New York City has seen a rush of Uber and Lyft drivers seeking to obtain electric vehicle licenses following a change in Taxi and Limousine Commission (TLC) rules.
As commented by the specialized media Wired, what began as a program called Green Rides, part of the city’s strategy to achieve a completely electric fleet by 2030, has become a phenomenon that has left both concessionaires and regulators baffled. .
George Saliba, owner of an electric vehicle dealership in Ewing, New Jersey, was surprised by customers looking for Tesla‘s coveted black-on-black Model Y.
This fact is attributed to an update in TLC rules that makes it easier for aspiring Uber and Lyft drivers to obtain a license if they own an electric vehicle. Demand was so intense that even after a state court ordered a pause in the program, Saliba continued to sell these vehicles at a rapid pace.
The situation highlights the political complexity surrounding the implementation of electric vehicle policies that can disrupt entire transportation systems.
In the case of New York, the city has more tightly regulated Uber and Lyft, limiting the number of licenses and raising concerns about salaries for existing drivers.
Complex EV Policies in New York
New York State is lagging behind in the transition to electric vehicles, with fewer registrations than leading states like California. The lack of fast charging stations and concerns about limited infrastructure have been major obstacles. The Taxi and Limousine Commission hopes that encouraging more Uber and Lyft drivers to adopt electric vehicles will spur the construction of charging stations, creating a cycle of mutual adoption.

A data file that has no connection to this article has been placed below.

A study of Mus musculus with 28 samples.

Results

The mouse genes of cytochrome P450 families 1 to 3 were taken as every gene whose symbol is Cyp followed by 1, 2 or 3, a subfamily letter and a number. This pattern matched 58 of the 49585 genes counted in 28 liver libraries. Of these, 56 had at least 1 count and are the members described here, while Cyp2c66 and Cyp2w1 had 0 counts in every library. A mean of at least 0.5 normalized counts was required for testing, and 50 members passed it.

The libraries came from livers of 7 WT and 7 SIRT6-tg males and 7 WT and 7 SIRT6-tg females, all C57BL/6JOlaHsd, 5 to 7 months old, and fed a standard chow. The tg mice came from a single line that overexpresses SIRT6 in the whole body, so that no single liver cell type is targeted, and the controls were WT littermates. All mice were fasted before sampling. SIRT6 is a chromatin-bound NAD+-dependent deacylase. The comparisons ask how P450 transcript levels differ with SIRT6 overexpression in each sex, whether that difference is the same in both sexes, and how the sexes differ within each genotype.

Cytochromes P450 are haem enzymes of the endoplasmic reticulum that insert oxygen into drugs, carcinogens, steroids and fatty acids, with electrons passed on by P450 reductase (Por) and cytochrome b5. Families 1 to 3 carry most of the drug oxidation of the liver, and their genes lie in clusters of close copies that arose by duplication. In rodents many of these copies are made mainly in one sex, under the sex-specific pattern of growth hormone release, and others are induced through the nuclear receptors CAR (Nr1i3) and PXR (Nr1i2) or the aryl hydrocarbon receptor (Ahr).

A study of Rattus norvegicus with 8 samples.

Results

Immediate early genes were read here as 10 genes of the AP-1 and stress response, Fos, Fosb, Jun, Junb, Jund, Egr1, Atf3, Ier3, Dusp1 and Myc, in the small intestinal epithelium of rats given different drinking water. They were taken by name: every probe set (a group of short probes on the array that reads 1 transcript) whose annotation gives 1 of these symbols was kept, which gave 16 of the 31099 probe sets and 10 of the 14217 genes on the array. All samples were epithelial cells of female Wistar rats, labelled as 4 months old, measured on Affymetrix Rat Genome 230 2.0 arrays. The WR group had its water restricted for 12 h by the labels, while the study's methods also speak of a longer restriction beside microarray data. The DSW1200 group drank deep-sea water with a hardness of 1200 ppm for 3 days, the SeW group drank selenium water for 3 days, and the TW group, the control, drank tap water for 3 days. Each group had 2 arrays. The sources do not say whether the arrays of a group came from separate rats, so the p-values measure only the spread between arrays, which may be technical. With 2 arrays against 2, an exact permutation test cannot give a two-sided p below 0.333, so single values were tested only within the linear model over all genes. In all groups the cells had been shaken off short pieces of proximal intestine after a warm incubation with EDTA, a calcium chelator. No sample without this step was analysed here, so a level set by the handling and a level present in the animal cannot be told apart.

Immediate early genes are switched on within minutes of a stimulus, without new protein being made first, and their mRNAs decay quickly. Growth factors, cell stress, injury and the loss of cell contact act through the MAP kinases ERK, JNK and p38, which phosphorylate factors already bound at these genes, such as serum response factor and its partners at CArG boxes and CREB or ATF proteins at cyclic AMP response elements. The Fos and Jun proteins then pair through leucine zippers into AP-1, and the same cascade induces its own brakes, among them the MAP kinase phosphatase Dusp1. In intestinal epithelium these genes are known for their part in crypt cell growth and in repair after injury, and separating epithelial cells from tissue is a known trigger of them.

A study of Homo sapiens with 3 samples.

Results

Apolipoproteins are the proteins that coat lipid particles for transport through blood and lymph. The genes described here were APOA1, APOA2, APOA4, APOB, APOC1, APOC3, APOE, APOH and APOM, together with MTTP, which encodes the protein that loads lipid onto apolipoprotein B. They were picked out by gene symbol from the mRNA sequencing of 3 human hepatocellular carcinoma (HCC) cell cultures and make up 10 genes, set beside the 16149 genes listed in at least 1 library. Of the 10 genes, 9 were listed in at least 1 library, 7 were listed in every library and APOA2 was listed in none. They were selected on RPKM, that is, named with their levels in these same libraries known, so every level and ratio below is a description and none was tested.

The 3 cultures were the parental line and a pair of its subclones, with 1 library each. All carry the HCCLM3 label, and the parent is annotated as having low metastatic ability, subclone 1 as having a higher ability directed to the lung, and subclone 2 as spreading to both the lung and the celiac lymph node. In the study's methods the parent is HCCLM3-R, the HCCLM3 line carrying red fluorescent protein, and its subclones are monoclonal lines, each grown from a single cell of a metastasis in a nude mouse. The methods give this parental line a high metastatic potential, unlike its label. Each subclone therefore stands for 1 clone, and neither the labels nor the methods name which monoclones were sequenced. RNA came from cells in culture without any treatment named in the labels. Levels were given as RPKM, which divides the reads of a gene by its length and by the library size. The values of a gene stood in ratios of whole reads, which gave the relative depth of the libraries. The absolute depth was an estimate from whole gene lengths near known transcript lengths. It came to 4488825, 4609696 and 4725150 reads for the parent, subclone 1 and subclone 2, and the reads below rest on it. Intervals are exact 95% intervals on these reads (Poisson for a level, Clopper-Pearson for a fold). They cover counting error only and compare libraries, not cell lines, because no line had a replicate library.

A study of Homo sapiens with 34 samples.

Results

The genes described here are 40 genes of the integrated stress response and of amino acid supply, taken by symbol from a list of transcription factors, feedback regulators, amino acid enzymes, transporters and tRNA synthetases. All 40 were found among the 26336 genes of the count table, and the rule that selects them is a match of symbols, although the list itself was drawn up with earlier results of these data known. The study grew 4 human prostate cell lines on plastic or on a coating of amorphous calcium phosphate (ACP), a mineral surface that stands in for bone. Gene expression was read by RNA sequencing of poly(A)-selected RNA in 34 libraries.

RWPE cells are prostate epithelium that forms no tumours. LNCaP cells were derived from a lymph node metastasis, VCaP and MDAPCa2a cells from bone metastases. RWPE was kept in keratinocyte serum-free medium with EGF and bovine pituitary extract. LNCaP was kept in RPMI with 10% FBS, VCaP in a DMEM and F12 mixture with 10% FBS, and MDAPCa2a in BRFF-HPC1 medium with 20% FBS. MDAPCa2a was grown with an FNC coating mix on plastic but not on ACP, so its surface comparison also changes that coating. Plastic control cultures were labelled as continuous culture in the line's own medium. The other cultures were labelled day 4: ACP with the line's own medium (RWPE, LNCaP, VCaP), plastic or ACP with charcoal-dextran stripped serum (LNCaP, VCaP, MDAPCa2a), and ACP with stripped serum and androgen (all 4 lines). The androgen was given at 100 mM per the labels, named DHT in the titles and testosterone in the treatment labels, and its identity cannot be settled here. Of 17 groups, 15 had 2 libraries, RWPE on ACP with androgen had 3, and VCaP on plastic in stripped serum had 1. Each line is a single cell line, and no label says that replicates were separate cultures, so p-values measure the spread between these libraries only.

However, a group representing taxi and ride-hailing workers filed a lawsuit, arguing that the city did not take adequate steps before implementing the new program, fearing reduced wages and increased traffic congestion. A state judge ordered a pause on the program, leaving the future in the hands of the courts.
Now the intention is to build more charging stations in a city where real estate costs are prohibitive. Charging companies, such as Voltera, point out that existing infrastructure is underutilized, and the lack of access to personal garages for charging presents an additional obstacle to the adoption of electric vehicles in the city.
Despite the concerns, Uber and Lyft support the licensing program, arguing it will encourage adoption of electric vehicles. Both companies have committed to being all-electric in the United States by 2030, and see expanded licensing for electric vehicles as an opportunity to ease the transition of current drivers from gasoline cars to greener vehicles.
This change in rules has also sparked the interest of automakers and charging infrastructure companies, which are looking to adapt to the new generation of electrified drivers. Initial talks could indicate that New York’s strategy is paying off, encouraging companies to invest in new chargers that meet the needs of a growing fleet of electric vehicles on the Big Apple’s busy streets.